Police chief on city changes: ‘We’re not going to follow those unrighteous rules’

Published 3:49 pm Wednesday, May 17, 2023

Brookhaven’s police chief says he simply will not abide efforts by the mayor and board of aldermen to set policies within his department.

“I’m the elected chief of police for the Brookhaven Police Department,” said Chief Kenneth Collins. “I run that department and I make policy for that department.”

Collins shared his frustration about what he perceives as attempts by certain elected officials to “get rid of me.”


“Who gave (them) the right to take the vote away from the people?” Collins said.

The aldermen also voted to cap overtime hours for city employees – including police department employees, a move which Collins said is illegal.

“Ever since 9-11, we are first responders,” Collins said. “I told them you cannot cap our hours. It’s illegal. The state auditor has said first responder hours cannot be capped …

“They think I’m incompetent, but I’m not.”

Earlier this month, the board of aldermen also voted to create a new city-wide social media policy requiring that all social media posts for city departments must pre-approved by the mayor’s office personnel before posting. And, the board began discussions of creating a new policy to restrict the use of city-owned vehicles, such as those used by law enforcement personnel.

“We’re not going to follow those unrighteous rules,” Collins said.

Instead, he proactively shut down the Brookhaven Police Department Facebook page, which he had used to post news and information for the public. “Let the mayor and board of aldermen – when something bad happens, when something vital needs to be shared, when someone is missing – let the mayor and board of aldermen tell the people. Because they don’t know what’s going on.”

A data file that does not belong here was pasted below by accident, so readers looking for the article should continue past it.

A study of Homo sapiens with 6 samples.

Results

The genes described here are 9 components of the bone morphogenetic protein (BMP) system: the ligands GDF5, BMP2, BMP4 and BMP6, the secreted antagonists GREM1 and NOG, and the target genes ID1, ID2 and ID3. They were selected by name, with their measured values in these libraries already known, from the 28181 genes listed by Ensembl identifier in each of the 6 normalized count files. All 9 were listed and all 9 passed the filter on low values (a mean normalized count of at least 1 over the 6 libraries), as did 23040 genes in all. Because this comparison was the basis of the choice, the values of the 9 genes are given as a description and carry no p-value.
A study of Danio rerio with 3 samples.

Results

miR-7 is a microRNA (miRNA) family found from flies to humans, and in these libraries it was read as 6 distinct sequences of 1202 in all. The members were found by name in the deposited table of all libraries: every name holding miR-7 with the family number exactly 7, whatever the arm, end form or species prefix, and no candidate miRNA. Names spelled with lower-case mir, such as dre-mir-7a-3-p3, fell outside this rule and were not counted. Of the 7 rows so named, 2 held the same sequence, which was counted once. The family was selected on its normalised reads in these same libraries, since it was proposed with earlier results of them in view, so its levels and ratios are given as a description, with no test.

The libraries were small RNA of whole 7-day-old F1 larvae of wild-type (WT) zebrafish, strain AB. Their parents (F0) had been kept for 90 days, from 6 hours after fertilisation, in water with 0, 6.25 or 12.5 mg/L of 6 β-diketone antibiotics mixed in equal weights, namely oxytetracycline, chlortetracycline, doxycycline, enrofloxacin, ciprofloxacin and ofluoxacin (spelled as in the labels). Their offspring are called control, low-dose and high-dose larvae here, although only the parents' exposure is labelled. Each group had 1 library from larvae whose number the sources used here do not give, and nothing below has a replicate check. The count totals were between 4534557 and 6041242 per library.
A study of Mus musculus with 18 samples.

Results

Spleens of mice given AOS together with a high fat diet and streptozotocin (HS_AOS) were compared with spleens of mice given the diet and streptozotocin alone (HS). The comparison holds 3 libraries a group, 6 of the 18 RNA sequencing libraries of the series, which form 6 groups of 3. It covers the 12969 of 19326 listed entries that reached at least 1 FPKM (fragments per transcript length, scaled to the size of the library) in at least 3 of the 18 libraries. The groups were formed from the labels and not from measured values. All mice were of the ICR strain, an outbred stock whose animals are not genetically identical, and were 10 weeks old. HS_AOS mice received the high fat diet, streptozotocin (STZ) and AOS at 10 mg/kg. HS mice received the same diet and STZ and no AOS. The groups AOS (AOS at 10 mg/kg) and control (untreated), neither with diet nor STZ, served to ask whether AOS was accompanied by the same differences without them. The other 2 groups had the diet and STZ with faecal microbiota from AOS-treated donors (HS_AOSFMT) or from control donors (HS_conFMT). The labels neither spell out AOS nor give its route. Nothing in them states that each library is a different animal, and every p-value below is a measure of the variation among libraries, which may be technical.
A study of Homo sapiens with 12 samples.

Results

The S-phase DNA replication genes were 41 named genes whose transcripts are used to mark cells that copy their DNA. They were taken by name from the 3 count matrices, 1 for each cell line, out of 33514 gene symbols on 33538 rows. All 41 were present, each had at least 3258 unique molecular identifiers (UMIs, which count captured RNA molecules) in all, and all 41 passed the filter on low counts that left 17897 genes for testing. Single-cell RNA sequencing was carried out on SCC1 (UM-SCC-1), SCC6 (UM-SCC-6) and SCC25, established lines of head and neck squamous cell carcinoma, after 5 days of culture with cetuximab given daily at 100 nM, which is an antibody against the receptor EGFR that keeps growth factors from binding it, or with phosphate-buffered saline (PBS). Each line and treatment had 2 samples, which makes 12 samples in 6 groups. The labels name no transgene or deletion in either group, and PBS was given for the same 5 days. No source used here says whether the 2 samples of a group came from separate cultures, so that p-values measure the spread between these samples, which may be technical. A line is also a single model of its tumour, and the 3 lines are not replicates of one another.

Continuing, Collins said some of the elected officials “want to run the department and they don’t want the public to know what’s going on.”

The complaints over social media stemmed, he said, from his use of a street nickname in relation to a shooting suspect. Collins said he has been vocal about the growing gun violence and gang issues in Brookhaven, both of which he said some officials do not want to recognize.

Now, the chief said, efforts to curtail the use of police department vehicles ignores the policies already in place at the department and represents a continuing effort of elected officials to wrest control of the department away from him.

During the May 2 board meeting, aldermen discussed the need for a city-owned vehicle ordinance with City Attorney Bobby Moak.

“We have talked about it for months,” said Don Underwood, alderman at large. “I would suggest we set a limit at 25 miles from the city limits for six months, then reduce it to 20 miles for another six months, then to not permit vehicles to go outside Lincoln County. That gives a year to get it down to the county limits.”

Underwood said the intent is to keep city-owned vehicles that are taken home by employees from traveling outside the county when not on official business. The stair-step mile limit would keep the policy from being punitive, or a hardship upon anyone who may currently travel beyond the county line to his or her home.

Moak said the offices of the Attorney General and the State Auditor require a policy of some sort be decided upon by the board and implemented. “The policy can be whatever you want, but there must be a policy,” Moak said. “I would suggest you look at other city’s policies before doing it.”

Collins maintains that the policy, which has yet to be approved or implemented, is a direct attack on him and his leadership abilities. “This is a personal attack on me,” he said. “Meanwhile, they’re going to burn the whole city down.”

The chief, whose term ends in 2025, said while he will not kowtow to policies he believes are unethical or illegal, he continues to believe he is doing what is necessary for the residents of Brookhaven.

“I think when you score a touchdown and you spike the ball and do a dance in the end zone, you don’t realize it’s a four-quarter game,” he said. “God has the last game-winning drive, whether He’s going to kick a field goal or score a touchdown, He’s in control …

“I have more support than they ever know because I got God on my side.”